In this post lets talk about taming snakes inside a container. The article is a summary of lessons learnt while dockerizing python microservices. In case you want to see a detailed implementation of microservices with Docker and Python, kindly refer to this article which we have published.
The prime reasons that we go with container is that
- containers have lower memory footprints than VMs
- Containers provide an isolated user-space instance, instead of a machine emulation
It is easy to spin up new containers and set up environments. The images thus created can be shared and published to private / public registeries, and are ready to be used. This proviedes with a unified workflow whenever a new developer starts working on the codebase.
Building python images with a container
- We need not create an extra layer of virtual environment, sicne each container is unique in itself there is no additional need to create a virtual environment. Differenct Microservices can be put inside different containers.
- An external proxy like NGINX can be used or altogether a separate container for NGINX can be deployed.
Debugging Python Containers
- It is easy to run bash (or any other command ) on a running service
docker compose exec $SERVICE_NAME /bin/bash
- Log inspection of standard output and error
docker compose logs $SERVICENAME
- Low level information can be got through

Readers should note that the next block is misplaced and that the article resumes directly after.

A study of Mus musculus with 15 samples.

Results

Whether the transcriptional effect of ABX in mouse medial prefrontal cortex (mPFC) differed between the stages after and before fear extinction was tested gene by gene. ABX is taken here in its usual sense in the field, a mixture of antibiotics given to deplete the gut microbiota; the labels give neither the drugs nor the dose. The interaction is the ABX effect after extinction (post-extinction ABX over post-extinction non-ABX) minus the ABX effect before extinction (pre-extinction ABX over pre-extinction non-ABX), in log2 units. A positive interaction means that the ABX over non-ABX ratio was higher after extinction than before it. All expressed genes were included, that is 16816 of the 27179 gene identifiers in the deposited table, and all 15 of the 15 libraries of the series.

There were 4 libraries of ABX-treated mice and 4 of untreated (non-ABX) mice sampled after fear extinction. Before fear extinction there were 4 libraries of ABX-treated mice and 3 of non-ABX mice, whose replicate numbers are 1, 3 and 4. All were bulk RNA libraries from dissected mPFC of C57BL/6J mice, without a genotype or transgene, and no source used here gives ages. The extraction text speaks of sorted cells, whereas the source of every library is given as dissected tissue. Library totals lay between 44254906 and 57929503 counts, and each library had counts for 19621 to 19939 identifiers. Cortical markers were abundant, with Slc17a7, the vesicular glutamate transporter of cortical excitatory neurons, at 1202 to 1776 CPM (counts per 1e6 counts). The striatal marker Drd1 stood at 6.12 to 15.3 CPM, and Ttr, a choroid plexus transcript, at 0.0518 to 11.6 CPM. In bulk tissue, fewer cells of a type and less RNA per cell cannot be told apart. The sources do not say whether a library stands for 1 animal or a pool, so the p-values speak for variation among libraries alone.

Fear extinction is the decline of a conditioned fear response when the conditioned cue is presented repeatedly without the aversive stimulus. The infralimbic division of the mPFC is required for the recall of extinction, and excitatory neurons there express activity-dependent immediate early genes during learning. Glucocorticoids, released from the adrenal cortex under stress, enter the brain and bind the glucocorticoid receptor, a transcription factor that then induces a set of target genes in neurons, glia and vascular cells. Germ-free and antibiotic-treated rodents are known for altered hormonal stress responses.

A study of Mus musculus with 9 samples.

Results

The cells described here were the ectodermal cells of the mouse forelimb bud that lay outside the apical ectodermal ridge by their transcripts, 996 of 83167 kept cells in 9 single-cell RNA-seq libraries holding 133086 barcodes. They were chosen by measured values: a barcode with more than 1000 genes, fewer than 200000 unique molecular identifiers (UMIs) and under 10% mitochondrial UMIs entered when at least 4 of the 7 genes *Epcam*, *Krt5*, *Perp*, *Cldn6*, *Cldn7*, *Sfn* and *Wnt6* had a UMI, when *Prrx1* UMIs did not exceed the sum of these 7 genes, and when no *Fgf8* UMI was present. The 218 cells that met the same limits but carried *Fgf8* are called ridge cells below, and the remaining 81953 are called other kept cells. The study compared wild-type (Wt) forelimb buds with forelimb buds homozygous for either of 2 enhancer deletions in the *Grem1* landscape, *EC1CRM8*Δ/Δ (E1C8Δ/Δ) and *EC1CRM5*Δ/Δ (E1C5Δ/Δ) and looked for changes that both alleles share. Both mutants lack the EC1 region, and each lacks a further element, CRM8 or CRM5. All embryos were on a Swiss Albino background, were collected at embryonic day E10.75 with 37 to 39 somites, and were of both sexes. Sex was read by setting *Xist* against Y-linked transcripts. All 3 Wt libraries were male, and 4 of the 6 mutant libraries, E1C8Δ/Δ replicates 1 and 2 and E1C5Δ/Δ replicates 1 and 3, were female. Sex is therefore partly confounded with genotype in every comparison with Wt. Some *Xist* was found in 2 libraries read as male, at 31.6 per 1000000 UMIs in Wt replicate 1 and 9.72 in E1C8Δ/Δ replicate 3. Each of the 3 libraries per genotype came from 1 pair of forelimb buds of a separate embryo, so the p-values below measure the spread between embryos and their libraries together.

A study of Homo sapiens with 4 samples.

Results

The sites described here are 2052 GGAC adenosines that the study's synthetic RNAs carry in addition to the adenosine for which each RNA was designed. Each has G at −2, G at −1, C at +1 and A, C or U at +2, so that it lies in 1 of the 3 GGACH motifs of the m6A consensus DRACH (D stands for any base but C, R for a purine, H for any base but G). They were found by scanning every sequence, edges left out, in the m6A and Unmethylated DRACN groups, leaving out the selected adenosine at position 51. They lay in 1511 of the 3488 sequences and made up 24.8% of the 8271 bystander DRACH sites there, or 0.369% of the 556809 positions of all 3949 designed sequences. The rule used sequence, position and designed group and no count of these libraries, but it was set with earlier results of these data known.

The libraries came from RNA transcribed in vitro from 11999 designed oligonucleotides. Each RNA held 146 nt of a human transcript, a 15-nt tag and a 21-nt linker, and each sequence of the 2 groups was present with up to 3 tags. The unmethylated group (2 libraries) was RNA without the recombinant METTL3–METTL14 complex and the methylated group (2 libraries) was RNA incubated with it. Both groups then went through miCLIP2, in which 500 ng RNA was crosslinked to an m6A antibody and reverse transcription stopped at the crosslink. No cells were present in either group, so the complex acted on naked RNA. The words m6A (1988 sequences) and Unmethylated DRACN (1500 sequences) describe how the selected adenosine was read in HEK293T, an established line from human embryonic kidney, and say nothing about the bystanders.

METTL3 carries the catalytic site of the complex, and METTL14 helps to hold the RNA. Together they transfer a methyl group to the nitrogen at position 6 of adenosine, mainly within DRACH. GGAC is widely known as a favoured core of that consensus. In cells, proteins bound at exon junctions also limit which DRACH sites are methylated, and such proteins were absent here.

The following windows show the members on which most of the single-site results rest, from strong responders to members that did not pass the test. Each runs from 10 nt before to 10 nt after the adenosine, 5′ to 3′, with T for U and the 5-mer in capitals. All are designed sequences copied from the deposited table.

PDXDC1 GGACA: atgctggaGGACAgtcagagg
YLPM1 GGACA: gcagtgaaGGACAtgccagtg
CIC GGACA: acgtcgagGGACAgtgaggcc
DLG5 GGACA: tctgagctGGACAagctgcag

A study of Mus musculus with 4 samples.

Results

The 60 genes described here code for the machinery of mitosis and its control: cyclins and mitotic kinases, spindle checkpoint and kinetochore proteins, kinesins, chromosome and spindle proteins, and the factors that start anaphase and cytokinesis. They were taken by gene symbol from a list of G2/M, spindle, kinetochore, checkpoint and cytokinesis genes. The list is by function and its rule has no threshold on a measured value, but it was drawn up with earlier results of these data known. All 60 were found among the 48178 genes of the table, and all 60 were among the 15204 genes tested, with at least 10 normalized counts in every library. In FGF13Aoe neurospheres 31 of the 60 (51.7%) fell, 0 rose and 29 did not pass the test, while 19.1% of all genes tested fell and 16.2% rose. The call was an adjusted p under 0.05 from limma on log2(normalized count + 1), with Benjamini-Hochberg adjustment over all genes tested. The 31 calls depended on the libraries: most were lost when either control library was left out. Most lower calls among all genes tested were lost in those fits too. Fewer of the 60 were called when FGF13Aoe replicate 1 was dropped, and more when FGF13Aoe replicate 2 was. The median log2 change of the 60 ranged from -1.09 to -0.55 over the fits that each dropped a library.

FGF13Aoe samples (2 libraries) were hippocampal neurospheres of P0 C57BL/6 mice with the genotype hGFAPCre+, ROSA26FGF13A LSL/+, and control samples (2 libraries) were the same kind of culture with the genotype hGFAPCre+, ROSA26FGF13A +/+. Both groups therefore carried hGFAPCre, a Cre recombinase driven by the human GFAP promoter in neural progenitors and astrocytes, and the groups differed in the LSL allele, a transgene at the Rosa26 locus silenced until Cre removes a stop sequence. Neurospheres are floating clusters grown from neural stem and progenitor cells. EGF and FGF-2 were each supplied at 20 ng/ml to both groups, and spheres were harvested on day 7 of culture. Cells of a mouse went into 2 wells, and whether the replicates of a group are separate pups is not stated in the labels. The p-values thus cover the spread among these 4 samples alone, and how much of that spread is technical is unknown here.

docker inspect $SERVICENAME
Changes are lost once a running container shuts down. To overcome the same the strategies deployed are
- Data Volume to external host
- Another pattern is using separate Docker container to save the data
Testing & Tooling
- Docker adds consistency in your CI environments
- Control over what is in container implies repeatable workflow and simpler test environment
- Cloud based CI options with docker support out there.
- Docker Hub, can act as a CI server since you can configure it to create an automated build every time you push a new commit to Github.
- Internal API can vary radically for Docker from version to version hence usage of available tools is recommended
- Another Pythonic way of playing with Docker API is to use docker-py
Deployment & Scaling
- Load Balancing - HA Proxy, NGINX
- Provisioning - Ansible, Chef, Puppet
- Monitoring - Nagios, Pingdom, New Relic
- Logging - Fluentd Loggly
- Cloud Infrastructure - Swarm, Kubernetes, Magnum, CoreOS Fleet
Hope the summary and links were of help! Do let us know in comments what other stuff would you like us to write about.